In mixed martial arts (MMA), open scoring refers to a system in which the judges' scores are announced to the fighters and their corners after each round of a bout. This is in contrast to traditional scoring, in which the judges' scores are kept secret until the end of the bout.
The idea behind open scoring is that it allows fighters to adjust their strategies in real-time based on the judges' assessments of their performances. It may also help to prevent controversial decisions, as fighters and their teams can see how they are being scored and address any potential issues with their approaches.
However, open scoring has its critics as well. Some argue that it could lead to fighters becoming more cautious in their approach, as they may be more concerned with maintaining a lead rather than going for a finish. Additionally, some believe that open scoring could put too much pressure on judges to score rounds more definitively, potentially leading to more biased or subjective scoring.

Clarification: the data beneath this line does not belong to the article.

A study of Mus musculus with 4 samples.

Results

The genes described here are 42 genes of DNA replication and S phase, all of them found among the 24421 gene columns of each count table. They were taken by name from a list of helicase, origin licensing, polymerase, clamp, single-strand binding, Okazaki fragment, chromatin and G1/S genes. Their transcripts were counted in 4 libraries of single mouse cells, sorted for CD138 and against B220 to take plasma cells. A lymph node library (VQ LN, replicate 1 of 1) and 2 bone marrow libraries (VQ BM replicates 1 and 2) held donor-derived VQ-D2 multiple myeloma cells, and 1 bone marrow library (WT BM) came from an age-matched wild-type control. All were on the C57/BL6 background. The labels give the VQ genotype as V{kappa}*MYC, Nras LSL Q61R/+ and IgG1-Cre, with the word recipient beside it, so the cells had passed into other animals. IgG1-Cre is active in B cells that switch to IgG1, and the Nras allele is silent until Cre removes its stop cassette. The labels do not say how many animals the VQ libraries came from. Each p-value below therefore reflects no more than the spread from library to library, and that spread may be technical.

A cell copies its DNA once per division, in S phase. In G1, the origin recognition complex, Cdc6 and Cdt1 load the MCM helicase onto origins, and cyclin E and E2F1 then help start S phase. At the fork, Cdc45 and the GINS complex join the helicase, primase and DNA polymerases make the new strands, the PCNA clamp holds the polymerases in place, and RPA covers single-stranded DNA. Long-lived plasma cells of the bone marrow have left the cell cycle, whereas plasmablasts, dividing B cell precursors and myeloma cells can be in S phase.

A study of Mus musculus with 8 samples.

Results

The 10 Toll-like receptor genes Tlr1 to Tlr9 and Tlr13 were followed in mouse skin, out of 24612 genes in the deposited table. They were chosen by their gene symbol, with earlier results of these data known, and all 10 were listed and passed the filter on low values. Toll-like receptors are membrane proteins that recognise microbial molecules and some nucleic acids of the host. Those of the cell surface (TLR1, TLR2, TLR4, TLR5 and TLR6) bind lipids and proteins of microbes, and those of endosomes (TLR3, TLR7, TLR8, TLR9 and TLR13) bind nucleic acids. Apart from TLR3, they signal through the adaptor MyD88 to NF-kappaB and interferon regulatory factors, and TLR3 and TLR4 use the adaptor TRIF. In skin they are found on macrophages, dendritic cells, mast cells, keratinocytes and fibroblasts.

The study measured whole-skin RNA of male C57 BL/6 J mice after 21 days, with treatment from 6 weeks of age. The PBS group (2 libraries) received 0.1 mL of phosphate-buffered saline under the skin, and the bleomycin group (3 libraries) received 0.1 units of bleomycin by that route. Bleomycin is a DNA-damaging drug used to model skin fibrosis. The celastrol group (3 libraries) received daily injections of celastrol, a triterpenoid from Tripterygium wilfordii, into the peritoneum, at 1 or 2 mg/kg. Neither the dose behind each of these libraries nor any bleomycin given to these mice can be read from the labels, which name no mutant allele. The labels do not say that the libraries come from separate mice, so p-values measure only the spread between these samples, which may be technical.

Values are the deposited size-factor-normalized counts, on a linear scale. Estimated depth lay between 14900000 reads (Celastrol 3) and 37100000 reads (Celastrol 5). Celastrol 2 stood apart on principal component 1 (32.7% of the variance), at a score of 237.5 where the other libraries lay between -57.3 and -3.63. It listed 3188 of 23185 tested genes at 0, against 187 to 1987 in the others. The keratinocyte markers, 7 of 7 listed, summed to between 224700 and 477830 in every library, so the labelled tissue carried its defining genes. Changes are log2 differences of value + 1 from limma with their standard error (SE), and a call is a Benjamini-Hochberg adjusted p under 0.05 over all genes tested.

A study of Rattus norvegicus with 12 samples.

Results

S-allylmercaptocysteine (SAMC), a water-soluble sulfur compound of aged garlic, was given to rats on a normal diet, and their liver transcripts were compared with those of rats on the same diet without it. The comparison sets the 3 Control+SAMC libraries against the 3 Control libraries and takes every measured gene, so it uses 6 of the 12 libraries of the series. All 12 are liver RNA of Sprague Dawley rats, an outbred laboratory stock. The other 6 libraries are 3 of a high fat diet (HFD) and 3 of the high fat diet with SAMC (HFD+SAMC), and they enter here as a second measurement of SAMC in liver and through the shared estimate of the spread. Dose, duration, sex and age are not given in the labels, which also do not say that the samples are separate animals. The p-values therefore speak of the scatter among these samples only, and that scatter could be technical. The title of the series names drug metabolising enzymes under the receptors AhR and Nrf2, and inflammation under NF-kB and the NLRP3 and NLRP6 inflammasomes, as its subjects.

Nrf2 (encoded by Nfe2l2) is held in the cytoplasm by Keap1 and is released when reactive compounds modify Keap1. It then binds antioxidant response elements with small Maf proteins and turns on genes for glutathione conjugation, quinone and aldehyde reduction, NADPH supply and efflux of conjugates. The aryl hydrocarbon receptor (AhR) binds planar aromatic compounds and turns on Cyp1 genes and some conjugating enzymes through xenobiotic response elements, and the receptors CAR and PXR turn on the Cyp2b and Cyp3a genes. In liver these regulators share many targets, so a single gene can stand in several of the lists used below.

Overall, the use of open scoring in MMA is a controversial topic and it is not currently implemented in most professional promotions.
We want to leverage our Global Scorecard to supplement Open Scoring. There have been many questionably scored rounds in MMA in the past. The Global Scorecard brings transparency to the sport by keeping judges accountable and bringing more light to the Open Scoring equation. Although, the Global Scorecard isn't exactly Open Scoring, it can provide corners and fighters with information that they need to come out ahead.